Formjacking Attacks Pose New Threat for Internet Users

Formjacking Attacks Pose New Threat for Internet Users

According to a new report from security research firm Symantec, cyber criminals and other hacker syndicates are carrying out “formjacking” attacks at an increasing rate. Thousands of e-commerce sites from around the world have been targeted, including those belonging to Ticketmaster and British Airways. In its report, Symantec says that it blocks an average of 6,368 formjacking attempts daily, making this one of the fastest growing forms of cyber attacks on the Internet right now. At the end of 2018, there was a major uptick in formjacking attempts.

Formjacking as a new attack vector for hackers

These formjacking attacks are used to steal credit card details and customer data by injecting snippets of malicious JavaScript code into the payment section of an e-commerce website. When users try to complete a purchase on those sites, the data is captured by the code and then sent to servers belonging to the hackers. Once the data has been “skimmed” from an e-commerce site, it can be re-sold on the Dark Web for a profit, or simply used to carry out identity theft or other forms of cyber fraud. Most formjacking attacks will capture all information – including details about the payment card being used for the transaction, the address of the user and even the username of the purchaser – needed to make similar types of purchase around the Web.

Even more disturbingly, says Symantec, these formjacking attacks using JavaScript code to steal data are specifically designed to take place behind the scenes, without either the e-commerce site operator or consumer knowing that user data has just been captured. In other words, if you buying a ticket for an event on Ticketmaster, you would never know that your credit card information had just been skimmed by a formjacking script, and that all information requested at time of checkout had been “skimmed” by unscrupulous hackers.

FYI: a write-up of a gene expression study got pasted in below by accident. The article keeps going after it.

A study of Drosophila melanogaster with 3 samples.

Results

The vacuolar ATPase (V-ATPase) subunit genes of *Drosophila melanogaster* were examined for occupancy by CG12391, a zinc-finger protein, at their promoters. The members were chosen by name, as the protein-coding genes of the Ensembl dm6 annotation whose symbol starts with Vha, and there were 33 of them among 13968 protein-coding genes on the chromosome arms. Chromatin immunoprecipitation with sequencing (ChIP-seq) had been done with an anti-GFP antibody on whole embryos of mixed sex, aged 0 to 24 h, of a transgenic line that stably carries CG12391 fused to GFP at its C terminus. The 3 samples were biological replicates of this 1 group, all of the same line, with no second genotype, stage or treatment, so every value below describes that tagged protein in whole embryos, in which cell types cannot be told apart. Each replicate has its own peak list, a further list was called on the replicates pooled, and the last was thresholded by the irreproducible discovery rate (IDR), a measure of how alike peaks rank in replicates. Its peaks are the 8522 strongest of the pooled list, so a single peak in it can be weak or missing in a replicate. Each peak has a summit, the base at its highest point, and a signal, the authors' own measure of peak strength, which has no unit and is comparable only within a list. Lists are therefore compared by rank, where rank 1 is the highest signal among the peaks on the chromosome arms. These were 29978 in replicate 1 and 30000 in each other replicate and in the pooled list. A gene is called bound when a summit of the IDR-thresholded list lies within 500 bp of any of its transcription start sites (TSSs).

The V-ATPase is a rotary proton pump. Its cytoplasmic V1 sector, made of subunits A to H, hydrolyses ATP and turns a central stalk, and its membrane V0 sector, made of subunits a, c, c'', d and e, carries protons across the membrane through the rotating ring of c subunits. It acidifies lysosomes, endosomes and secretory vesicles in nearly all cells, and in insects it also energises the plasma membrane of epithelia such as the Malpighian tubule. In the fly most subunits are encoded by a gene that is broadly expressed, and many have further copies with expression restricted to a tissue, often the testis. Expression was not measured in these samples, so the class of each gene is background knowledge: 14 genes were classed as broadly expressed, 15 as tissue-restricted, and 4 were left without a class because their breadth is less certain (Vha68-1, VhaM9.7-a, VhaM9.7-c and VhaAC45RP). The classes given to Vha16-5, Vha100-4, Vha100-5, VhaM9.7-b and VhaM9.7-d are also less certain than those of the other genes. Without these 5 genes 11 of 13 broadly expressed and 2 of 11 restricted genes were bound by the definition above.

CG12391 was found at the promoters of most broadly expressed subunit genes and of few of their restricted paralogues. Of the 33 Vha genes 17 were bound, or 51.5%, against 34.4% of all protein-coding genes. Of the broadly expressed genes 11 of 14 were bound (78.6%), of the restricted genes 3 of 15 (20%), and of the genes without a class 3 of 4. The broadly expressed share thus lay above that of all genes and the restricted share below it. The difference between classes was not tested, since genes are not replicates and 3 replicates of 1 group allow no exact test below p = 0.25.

Results of the Symantec report on formjacking

The size and extent of the formjacking problem is also worth noting. Over a three-month period at the end of 2018, Symantec was tracking more than 1 million formjacking attempts on over 10,000 websites. The problem was first noticed around August 13 last year. In the period from mid-August to October 1, Symantec tracked over 248,000 attempts at formjacking, and nearly one-third of those attacks occurred within a very narrow window of time – from September 13 to 20. This was the equivalent of a formjacking campaign, as thousands of sites were hit at the same time.

Hackers tend to favor online shopping websites that generate a lot of traffic and that also use a lot of code plug-ins or software from outside third-party vendors. This gives them the best chance to insert code to steal credit card data. For example, when carrying out forensics on the Ticketmaster website, Symantec tracked the malicious JavaScript code problem down to a live customer service chat bot created by at third party. Within the hacker world, the “weak link” in any website is generally viewed as the code provided by these third parties. Sometimes, little or no testing is done on this code before it goes live, and that is why so many vulnerabilities exist when users send information from payment forms.